Dead fish in Rio Olympic bay venue baffle scientists
Thousands of dead fish have begun mysteriously washing up in the polluted Rio bay that will host the 2016 Olympics sailing events.
And experts are at a loss to explain why this is happening.
Guanabara Bay has already been the subject of much concern among sailors who are competing in Rio, no thanks to the human sewage that gets pumped into its waters.
The International Olympic Committee (IOC) expressed confidence that Guanabara will be okay by the time the games get underway.
But with the Olympics less than two years away, the recent fishy fatalities - and the foul stench of their rotting carcasses - are attracting further scrutiny.
Though baffled, scientists say there is no evidence to suggest that pollution is the cause.
“Tests showed that this is not a matter of chemical or toxic water pollution,” - Rio do Janeiro State University oceanographer David Zee told AFP.
The foul odour is unwelcome on peaceful Paqueta Island, where cars are banned and the 4,500-strong population get around on horseback or bicycles.
To date, a municipal company has removed 20 tonnes of dead sabalo fish (from the Clupeidae family of herrings and sardines) as well as four dead sea turtles.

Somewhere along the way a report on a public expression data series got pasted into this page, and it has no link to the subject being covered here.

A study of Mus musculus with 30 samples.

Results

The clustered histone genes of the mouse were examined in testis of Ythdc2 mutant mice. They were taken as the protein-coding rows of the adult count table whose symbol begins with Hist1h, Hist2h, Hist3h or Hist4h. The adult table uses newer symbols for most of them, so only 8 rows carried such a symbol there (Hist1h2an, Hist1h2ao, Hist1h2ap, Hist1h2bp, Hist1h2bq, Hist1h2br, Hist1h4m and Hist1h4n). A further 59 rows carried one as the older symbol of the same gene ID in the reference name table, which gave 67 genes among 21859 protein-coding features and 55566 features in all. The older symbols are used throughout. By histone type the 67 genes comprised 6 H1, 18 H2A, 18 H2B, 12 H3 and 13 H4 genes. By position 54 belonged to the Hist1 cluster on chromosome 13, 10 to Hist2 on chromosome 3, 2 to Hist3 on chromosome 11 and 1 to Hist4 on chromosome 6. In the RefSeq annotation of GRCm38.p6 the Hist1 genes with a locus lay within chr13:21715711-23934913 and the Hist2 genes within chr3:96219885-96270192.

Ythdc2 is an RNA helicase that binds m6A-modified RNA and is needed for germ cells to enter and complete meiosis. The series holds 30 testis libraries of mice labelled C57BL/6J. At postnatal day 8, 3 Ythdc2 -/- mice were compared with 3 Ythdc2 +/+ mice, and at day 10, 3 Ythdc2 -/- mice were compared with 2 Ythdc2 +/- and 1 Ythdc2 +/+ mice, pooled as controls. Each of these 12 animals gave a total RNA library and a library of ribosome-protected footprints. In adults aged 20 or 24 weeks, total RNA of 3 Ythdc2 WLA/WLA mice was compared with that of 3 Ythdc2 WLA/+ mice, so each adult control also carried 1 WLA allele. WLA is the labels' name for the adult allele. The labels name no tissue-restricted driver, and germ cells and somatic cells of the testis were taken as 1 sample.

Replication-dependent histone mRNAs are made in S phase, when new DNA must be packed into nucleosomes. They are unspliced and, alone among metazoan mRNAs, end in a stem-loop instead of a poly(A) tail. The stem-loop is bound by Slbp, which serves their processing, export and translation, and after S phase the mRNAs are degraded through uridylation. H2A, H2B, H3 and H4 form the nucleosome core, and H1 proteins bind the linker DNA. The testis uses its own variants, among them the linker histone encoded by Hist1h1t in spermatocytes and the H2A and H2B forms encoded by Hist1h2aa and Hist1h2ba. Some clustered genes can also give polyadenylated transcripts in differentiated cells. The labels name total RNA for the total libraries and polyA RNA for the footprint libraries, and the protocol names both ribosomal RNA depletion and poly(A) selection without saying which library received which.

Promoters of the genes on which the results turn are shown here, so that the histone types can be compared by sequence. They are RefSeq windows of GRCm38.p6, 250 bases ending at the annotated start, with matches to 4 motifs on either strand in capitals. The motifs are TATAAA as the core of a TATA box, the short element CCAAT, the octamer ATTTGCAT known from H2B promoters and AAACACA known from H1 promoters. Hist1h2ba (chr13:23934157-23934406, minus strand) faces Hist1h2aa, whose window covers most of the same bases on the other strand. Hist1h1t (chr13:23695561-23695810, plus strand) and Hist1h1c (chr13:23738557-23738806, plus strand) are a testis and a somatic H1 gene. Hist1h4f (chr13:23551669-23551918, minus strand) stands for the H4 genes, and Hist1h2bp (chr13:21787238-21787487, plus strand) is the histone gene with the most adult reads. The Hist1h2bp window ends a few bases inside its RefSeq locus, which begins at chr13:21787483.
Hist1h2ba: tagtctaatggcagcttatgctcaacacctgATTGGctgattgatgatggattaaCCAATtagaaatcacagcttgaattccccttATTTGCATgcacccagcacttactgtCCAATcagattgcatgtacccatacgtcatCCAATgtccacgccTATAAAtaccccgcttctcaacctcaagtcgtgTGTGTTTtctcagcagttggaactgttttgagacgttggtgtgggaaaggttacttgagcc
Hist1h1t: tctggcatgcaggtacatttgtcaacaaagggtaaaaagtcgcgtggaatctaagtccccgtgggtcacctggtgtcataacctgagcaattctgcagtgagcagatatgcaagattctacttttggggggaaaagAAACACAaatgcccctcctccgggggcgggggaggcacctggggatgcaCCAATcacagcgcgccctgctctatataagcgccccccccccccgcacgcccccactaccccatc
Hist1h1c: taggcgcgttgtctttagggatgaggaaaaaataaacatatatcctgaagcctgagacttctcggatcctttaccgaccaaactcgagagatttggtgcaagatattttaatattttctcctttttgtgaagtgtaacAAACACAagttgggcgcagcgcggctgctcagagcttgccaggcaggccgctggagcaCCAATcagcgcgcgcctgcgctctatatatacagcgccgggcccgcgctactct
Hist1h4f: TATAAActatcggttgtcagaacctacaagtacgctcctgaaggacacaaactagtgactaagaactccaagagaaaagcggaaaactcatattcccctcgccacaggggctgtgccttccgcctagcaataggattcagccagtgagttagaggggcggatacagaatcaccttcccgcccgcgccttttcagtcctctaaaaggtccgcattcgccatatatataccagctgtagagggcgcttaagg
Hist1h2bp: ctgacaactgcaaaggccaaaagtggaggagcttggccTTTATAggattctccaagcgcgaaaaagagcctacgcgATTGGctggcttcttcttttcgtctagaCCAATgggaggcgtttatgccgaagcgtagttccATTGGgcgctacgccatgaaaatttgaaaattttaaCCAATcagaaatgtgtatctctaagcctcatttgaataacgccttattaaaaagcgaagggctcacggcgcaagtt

Leandro Daemon of the National Institute for the Environment (INEA) agreed that water testing had not identified any toxic chemicals or any unusual change in the water’s pH (potential of hydrogen), salinity or oxygen.
But not everyone is so confident.
Worried fishermen and islanders are pointing the finger at state giant Petrobras' petrochemical activities.
A Brazilian Petrobras oil facility is seen at Guanabara bay in Rio de Janeiro. Photo: AFP
The authorities tell us nothing, we are afraid, we do not bathe in the sea any more and do not buy fish here.” - said Vilma Leocadio of the Paqueta citizens’ association. “
Five fish were sen to the Federal University of Rio de Janeiro’s biology department for analysis on Tuesday.
Results will be announced in a week.